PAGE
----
Only premium Haschberg elderberries, known for their intense flavour, are used to make Biotta Elderberry. The gently pressed juice is combined with elderflower tea in accordance with the Biotta principles:
- 100% natural
- 100% organic
- Made 100% from directly pressed juices, without any rediluted concentrate
- No added sugar (only the natural sugar in the ingredients)
- No dyes, preservatives or flavourings
- No added vitamins (fruits & vegetables have their own vitamins)
- Produced under climate-friendly conditions
Learn more about our philosophy and our partner farmers: here.
Elderflower cordial and elderflower tea are both popular and delicious ways to enjoy this plant. But it is also worthwhile to keep elderberry juice in the household medicine chest for a number of reasons:
- Well-known household remedy for colds
- Said to have antiviral and anti-inflammatory effects
- Can help clear the airways of mucus
The black elderberry bush belongs to the honeysuckle family and thrives almost everywhere – from the edge of the forest to the mountains. Both the yellowish-white flowers that bloom in the spring and the purple-black berries, which are harvested in autumn, are edible. Even back in the times of Hippocrates, the elderberry was already considered a sacred plant and was often planted near homes. It is commonly known as the “peasants’ cure-all”, and folk wisdom claims that the plant not only guards against illness but also against misfortune and evil spirits.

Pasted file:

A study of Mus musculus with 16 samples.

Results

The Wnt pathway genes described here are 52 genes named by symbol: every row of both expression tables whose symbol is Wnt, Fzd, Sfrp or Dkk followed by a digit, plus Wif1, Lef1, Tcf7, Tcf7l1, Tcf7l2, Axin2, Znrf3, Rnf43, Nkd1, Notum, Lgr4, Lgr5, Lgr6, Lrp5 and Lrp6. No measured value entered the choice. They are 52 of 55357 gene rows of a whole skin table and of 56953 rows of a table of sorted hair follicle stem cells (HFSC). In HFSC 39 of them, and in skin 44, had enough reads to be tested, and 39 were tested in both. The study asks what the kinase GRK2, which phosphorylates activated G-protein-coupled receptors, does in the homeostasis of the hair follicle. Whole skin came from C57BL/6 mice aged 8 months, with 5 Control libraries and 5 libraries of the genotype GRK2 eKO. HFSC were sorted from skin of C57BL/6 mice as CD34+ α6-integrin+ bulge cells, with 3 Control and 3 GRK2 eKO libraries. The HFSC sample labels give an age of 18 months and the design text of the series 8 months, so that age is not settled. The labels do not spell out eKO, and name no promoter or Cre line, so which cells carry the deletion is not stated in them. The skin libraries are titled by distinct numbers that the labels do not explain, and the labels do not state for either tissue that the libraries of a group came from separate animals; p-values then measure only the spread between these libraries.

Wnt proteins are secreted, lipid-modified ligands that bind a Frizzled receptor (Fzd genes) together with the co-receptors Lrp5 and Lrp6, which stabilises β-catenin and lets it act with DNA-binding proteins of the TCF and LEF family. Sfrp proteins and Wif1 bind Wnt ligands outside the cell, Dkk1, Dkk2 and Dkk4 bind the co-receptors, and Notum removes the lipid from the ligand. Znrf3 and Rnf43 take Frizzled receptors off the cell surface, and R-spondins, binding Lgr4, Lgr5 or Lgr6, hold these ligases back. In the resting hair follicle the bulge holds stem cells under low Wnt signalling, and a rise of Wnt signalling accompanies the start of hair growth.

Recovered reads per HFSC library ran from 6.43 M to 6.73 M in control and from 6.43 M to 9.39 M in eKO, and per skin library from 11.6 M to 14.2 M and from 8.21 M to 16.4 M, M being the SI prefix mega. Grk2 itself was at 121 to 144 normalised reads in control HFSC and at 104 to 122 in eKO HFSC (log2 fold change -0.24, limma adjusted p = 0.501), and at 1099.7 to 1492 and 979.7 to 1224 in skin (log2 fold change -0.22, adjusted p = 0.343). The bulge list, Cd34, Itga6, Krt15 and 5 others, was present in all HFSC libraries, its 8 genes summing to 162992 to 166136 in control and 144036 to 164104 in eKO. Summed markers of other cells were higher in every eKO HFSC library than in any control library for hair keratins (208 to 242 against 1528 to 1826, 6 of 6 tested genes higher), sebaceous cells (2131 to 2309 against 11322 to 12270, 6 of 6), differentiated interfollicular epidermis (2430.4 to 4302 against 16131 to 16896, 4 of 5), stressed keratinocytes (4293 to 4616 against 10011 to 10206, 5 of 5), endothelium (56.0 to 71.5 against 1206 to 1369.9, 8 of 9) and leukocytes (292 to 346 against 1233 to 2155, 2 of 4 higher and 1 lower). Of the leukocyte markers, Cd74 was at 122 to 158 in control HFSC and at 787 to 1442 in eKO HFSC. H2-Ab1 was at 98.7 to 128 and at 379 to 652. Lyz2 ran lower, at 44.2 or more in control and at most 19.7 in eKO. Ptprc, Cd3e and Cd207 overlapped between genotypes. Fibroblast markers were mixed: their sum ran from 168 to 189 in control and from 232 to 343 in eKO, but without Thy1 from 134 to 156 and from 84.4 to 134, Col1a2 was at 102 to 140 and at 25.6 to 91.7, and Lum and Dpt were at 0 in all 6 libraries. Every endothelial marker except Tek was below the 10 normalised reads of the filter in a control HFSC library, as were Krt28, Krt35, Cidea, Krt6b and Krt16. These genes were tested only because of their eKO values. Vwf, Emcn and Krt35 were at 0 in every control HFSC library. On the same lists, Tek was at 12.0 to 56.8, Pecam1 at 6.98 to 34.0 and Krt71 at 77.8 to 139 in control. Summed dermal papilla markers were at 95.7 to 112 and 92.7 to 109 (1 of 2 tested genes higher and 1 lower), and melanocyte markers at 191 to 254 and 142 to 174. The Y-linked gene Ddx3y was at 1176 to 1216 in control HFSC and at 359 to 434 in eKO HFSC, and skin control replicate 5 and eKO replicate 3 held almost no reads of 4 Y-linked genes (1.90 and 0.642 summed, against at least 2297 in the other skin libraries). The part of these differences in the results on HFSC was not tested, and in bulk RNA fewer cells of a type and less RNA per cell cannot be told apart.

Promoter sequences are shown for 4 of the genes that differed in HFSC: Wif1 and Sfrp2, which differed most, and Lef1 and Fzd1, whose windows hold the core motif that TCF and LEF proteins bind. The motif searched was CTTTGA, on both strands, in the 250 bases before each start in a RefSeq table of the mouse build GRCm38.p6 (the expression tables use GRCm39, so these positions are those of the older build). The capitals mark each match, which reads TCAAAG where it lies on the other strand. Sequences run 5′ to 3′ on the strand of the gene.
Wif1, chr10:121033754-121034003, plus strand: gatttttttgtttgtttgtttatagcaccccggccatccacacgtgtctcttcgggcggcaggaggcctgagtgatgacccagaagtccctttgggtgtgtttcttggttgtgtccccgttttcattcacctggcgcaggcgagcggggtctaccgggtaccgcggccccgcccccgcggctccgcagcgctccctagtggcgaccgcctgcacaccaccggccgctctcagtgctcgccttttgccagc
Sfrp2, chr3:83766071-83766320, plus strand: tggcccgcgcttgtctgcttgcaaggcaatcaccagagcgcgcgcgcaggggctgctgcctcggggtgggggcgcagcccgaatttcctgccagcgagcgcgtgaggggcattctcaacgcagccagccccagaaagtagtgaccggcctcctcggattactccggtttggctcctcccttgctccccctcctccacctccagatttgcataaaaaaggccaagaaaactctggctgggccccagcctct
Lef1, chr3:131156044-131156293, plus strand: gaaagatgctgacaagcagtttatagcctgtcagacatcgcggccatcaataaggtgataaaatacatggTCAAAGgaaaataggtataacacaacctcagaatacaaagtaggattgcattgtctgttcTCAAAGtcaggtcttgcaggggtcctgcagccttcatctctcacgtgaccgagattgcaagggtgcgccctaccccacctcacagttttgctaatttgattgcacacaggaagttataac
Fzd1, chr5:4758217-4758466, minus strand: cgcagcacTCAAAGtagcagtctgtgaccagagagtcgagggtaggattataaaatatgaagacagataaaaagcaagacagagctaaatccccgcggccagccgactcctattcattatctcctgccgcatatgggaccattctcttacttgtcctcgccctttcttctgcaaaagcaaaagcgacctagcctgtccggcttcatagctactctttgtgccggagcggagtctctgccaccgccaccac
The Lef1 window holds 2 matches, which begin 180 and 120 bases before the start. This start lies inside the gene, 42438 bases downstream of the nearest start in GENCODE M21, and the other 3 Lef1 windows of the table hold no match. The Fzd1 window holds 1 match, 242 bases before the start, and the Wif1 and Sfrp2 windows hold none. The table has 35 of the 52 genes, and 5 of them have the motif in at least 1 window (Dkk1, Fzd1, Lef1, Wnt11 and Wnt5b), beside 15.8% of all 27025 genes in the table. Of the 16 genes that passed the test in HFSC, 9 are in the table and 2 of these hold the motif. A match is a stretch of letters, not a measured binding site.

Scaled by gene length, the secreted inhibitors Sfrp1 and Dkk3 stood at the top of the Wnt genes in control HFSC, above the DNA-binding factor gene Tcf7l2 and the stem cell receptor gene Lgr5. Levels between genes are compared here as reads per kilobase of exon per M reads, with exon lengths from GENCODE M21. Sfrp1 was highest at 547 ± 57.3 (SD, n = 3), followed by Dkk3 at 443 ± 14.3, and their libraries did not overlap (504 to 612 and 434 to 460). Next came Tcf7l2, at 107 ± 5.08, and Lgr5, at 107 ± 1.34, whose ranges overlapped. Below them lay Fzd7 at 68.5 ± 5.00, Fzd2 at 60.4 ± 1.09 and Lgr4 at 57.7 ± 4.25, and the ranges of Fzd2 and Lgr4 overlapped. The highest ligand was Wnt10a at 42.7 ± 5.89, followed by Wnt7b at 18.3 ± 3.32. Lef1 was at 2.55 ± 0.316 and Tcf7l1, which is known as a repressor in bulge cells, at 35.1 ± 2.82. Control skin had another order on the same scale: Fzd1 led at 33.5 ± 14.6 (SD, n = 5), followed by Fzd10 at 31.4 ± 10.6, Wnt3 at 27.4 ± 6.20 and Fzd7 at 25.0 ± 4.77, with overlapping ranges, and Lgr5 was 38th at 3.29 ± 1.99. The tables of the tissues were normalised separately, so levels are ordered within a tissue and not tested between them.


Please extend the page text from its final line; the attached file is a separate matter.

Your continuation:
The berries can be processed into juice or jam, and the flowers are usually used to make tea or cordial. Both components are rich in so-called phytonutrients. Phytonutrients are responsible, among other things, for the colour and taste of a fruit or vegetable, but they are also of vital importance for the human organism. Both elderberries and elderflowers contain flavonoids, a subgroup of phytonutrients. Flavonoids have been shown to have antiviral, antioxidant and anti-inflammatory effects. In other words, elderberries and elderflowers are excellent for treating inflammatory reactions in the body as well as bacterial or viral illnesses such as cold or flu.
A study published in 2004 in the Journal of International Medical Research demonstrated that elderberry also has expectorant and diuretic effects. This makes it ideal for treating colds, where the aim is to flush out and cough up the bacteria. When drinking elderberry juice for a cold, it is especially soothing when slightly warmed up.
So there’s no need to reach right away for strong medication. When the first symptoms of a cold appear, the juice shelf offers a good alternative.